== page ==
I think it could be useful if I answer my own question. I asked because I was looking for advice as to how to manage my sugars on long rides. It is clear that there is not straight forward answer, but there are many different things to try that might help. I will share some of my experience in the hope that other Diabetics might be able to benefit.
My usual diabetic regimen is 4 units of NovoRapid (short term insulin) for each 15g of carbohydrate plus 1 unit for every 25mg/dl I am above 100mg/dl during the day. In the evening I take 3 units per 15g and add 1 for every 30mg/dl above 150 (I aim to go to bed with blood sugar between 170 and 200 - this may seem high, but if I go to bed lower I will wake up in the middle of the night with a hypo). I also take 30 units of Levemir (long term insulin) at the same time as I take my short term for my evening meal.
My last Hba1c was 7.0, I do not smoke (I did but haven't smoked heavily for years and at all in 2012), I am 185cm (6ft 1") tall and 87.5KG (193 lbs) - so I could lose a little but I am certainly not unhealthy. I drink more than I should but as I ride on saturdays my big drinking night was Friday so that has stopped. My regimen above has been worked out with my Doctor (specialist in diabetic medicine) and my dietician, who I see every 3 to 6 months where we tweak anything that needs tweaking. I haven't seen them or done and Hba1c since I started seriously training.
I usually go on a big bike ride early on a Saturday morning. I get up around 6/630 and by the time I have got my stuff together and driven out of the city I am on my bike by about 745 - 8am. Currently the morning temperatures are in the early to mid 20s rising towards 30 by 11am - 12pm. The night before my ride I will make sure that I eat a decent and balanced meal with protein and carbohydrate, I will only take 20 units of my long term insulin and I knock of 2-3 units of my short term insulin. I will wake up with blood sugar around 200 -230. I on my drive to where I cycle I will drink a cup of coffee with milk a bread roll with cheese or Peanut Butter and drink around half a liter (1 pint) of water, I also take 4 units of short term insulin. I check my blood sugar again before my ride. If for whatever reason it is lower than 200 I will have a granola bar.
I take with me in my jersey pockets about 4 granola bars, 4 or 5 energy gels (this is way more than I need but better to be safe), my Freestyle lite glucose monitor, money, ID and a phone (good for emergencies and using Strava to track my rides). I have two bottles which total about 1.7l when full.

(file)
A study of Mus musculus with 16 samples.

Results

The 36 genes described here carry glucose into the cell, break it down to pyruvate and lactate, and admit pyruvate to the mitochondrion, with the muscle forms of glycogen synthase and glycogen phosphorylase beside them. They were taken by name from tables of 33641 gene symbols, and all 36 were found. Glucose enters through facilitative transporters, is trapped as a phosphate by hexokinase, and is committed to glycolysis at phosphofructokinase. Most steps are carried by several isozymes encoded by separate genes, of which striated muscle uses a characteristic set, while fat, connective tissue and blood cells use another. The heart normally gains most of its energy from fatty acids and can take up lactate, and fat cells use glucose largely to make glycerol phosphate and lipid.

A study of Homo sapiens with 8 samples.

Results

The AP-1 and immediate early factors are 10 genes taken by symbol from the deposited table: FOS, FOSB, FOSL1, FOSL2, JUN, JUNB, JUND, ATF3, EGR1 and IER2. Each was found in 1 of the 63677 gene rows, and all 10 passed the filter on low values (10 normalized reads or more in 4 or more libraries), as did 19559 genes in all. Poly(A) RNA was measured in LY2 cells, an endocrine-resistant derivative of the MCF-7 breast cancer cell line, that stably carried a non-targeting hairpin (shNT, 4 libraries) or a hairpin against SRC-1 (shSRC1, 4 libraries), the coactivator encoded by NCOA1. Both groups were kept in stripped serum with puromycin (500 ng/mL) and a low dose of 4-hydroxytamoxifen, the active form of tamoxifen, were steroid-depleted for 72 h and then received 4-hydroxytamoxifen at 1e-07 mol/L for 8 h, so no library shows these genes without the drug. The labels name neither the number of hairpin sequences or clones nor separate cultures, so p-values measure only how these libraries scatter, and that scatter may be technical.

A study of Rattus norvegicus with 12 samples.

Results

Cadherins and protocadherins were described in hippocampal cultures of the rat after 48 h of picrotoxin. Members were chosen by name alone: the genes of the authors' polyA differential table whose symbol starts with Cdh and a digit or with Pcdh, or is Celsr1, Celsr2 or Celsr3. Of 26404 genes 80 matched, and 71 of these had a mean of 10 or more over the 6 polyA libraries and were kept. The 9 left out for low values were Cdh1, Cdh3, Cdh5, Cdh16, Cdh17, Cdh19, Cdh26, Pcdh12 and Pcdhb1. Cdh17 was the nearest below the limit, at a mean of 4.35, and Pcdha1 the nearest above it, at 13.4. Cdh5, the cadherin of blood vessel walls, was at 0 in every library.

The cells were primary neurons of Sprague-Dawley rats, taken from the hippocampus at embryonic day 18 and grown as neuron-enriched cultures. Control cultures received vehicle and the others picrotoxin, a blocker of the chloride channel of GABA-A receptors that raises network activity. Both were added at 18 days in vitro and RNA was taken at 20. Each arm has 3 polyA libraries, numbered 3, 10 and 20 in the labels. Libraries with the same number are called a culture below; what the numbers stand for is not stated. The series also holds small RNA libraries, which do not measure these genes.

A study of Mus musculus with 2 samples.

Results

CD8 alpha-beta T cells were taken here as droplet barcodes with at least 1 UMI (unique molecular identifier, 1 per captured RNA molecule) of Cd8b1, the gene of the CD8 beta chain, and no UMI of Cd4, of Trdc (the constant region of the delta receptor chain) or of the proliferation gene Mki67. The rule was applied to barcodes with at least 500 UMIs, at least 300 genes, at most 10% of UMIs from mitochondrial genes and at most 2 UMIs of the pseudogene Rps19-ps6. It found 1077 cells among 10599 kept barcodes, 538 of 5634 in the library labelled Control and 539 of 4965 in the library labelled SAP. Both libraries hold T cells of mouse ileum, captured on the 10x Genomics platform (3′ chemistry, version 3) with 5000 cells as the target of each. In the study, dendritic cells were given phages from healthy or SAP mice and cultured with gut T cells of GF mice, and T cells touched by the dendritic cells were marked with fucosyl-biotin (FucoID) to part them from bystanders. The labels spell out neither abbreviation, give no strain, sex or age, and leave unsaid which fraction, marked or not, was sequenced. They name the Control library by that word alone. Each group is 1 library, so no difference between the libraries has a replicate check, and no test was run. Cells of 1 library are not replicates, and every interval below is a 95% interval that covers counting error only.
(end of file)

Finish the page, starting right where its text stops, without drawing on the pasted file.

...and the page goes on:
My rides are between 50 and 70KM which is anywhere between 2 hours (for a flat 60km) or 2.5 to 3.5 (for a hilly 50 or 70KM). I have routes that I repeat and but I change things around to keep it interesting. I usually make sure I have something to eat along the way especially before I hit one of my 2nd cat climbs. On my flat circuit I will stop after the first loop after about and hour and check my sugar, have a drink catch my breath for about 5 mins before continuing. On my hilly ride I will stop at the top of the 2nd cat climb and check my sugar. If it is lower than 180 I will have a granola bar and a coffee as well as refill my water bottles. If I am just descending and going back to the car then I won't eat anything unless I am lower than 150.
When I get back to the car I rest and drink plenty of water. I will check myself every half an hour afterwards to get an idea of which way my sugars are going. Often my sugars go up drastically after a big ride I have often seen 300 and even once 400. It is not easy for me to just take insulin at that point because it will drop very suddenly. I will go home and test again before having an early lunch. I find my body will come back in to line in the afternoon if I wait to take insulin with a meal.
Over all as a result of doing this training my sugars are better during the week and I have lost about 5kg so far. My goals are better management of sugars before during and after my rides, I will be having a long chat with my Doctor and Dietician about this when I see them next to help with this and I am looking into getting a continuous blood glucose monitor; I wish to lose more weight and to improve my endurance for longer rides and longer and harder climbs. I would like to take part in some of the sportifs that are done in France that include some of the Tour de France cols.
Thanks everyone who has commented or answered so far. I appreciate all the advice, if you have constructive comments on what I have written here or you are diabetic too and need more advice please feel free to comment on this answer.